Earlier this month the National Oceanic and Atmospheric Administration (NOAA) released its new set of 30 year climate normals. NOAA looks back at the past 30 years of weather to determine the daily normal temperatures, monthly normals, and yearly normals.
Over the past 30 years, the normal monthly temperature has generally been less than a degree cooler, with the exception of May (same), June, September and December.
Let's take a look at the normal monthly maximum/minimum temperatures.
As you might expect, it follows the same trend for the overall monthly temperatures.
Compared to 1981-2010, the new 30 year period shows Dubuque averaging a tenth of a degree cooler, so overall not much change in temperatures.
Nationally and globally the overall temperatures have been warming, which leads to more extreme weather.
Here's a look at the comparison of the normal monthly precipitation.
As you can see, there has been more precipitation, overall, each month. March, August, November and December have averaged slightly less than the previous 30 years.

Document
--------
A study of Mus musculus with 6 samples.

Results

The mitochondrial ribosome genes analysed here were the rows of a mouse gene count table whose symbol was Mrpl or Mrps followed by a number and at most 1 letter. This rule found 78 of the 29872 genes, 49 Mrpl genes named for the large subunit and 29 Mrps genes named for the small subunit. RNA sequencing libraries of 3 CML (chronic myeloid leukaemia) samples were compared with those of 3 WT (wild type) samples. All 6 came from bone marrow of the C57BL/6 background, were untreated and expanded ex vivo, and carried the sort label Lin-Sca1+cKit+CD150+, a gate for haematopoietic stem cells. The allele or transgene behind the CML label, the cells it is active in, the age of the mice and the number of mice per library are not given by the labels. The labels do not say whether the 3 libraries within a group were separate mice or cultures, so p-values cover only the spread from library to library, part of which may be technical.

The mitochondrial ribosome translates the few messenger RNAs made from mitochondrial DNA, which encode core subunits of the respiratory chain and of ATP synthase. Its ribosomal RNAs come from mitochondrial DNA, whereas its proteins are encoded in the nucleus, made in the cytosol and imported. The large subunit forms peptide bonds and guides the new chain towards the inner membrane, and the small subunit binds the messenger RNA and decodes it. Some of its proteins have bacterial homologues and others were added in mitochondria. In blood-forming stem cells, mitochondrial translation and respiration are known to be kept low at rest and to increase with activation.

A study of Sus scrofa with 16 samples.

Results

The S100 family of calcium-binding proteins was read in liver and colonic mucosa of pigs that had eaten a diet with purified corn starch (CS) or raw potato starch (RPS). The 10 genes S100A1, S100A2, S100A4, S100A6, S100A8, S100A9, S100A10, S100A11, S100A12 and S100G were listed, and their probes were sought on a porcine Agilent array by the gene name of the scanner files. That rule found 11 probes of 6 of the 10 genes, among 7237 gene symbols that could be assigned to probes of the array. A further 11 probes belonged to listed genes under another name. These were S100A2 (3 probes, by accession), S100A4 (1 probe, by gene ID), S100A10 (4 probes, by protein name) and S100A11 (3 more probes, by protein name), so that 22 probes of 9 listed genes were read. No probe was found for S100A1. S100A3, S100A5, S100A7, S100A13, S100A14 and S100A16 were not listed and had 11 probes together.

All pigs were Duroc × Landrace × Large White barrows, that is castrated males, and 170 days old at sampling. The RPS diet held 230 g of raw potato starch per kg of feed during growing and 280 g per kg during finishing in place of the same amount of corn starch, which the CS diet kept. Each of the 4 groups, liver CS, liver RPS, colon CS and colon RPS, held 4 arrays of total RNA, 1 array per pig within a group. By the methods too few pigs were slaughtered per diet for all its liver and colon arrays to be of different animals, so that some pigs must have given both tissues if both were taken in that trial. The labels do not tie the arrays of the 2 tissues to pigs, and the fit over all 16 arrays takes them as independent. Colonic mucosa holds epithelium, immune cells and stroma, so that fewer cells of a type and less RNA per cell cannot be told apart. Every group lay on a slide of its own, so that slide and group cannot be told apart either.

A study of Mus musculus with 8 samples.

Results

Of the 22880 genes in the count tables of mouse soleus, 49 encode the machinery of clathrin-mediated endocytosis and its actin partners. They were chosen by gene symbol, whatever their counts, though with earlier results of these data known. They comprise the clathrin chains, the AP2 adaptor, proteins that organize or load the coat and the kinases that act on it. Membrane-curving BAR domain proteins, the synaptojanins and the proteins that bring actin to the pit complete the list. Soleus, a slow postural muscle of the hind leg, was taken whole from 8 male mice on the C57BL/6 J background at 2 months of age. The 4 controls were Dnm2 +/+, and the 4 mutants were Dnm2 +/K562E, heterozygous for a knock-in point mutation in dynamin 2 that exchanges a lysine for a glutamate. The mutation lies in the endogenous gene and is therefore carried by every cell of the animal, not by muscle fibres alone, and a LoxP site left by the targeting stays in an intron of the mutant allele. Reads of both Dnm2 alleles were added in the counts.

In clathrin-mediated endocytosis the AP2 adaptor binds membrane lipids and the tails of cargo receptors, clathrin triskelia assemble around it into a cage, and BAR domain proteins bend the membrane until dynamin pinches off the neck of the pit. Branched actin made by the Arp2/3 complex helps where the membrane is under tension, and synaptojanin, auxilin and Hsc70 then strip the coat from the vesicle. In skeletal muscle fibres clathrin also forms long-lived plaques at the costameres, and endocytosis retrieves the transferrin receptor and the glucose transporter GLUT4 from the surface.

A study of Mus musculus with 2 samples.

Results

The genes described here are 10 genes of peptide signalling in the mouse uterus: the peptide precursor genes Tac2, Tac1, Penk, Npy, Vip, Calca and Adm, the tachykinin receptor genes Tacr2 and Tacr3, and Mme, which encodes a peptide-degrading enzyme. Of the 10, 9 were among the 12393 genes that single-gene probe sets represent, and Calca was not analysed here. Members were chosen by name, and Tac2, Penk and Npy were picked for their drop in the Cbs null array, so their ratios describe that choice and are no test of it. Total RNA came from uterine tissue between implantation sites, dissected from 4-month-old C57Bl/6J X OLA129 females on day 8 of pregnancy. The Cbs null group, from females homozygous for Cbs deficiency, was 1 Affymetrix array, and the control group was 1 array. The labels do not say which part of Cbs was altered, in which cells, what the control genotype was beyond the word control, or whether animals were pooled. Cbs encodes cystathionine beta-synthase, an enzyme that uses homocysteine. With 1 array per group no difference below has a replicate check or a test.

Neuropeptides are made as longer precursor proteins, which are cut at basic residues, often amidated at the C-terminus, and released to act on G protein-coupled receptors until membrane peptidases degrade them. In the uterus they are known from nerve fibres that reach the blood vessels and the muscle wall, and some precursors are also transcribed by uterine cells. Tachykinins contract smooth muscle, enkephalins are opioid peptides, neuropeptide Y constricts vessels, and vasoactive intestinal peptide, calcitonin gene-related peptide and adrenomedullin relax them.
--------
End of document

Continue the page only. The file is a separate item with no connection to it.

This translates to a higher yearly total as well.
Previously in Dubuque, the snowiest month was December, but new data indicates the most snow usually falls in January and February. Interestingly, there has been a decrease in snowfall during December, March and April.
The normal annual snowfall has increased by a half inch.
Out of the top 10 snowiest seasons on record in Dubuque, four have occurred since 1991.
Climate Central put together this map showing that most of the United States has experienced a warming trend over the past 120 years (left) and 30 years (right). In the last 30 years, the northern Plains states were the only areas with near the same or slightly cooler temperatures. Between 1991-2020 there wasn't a huge difference in temperature across Iowa.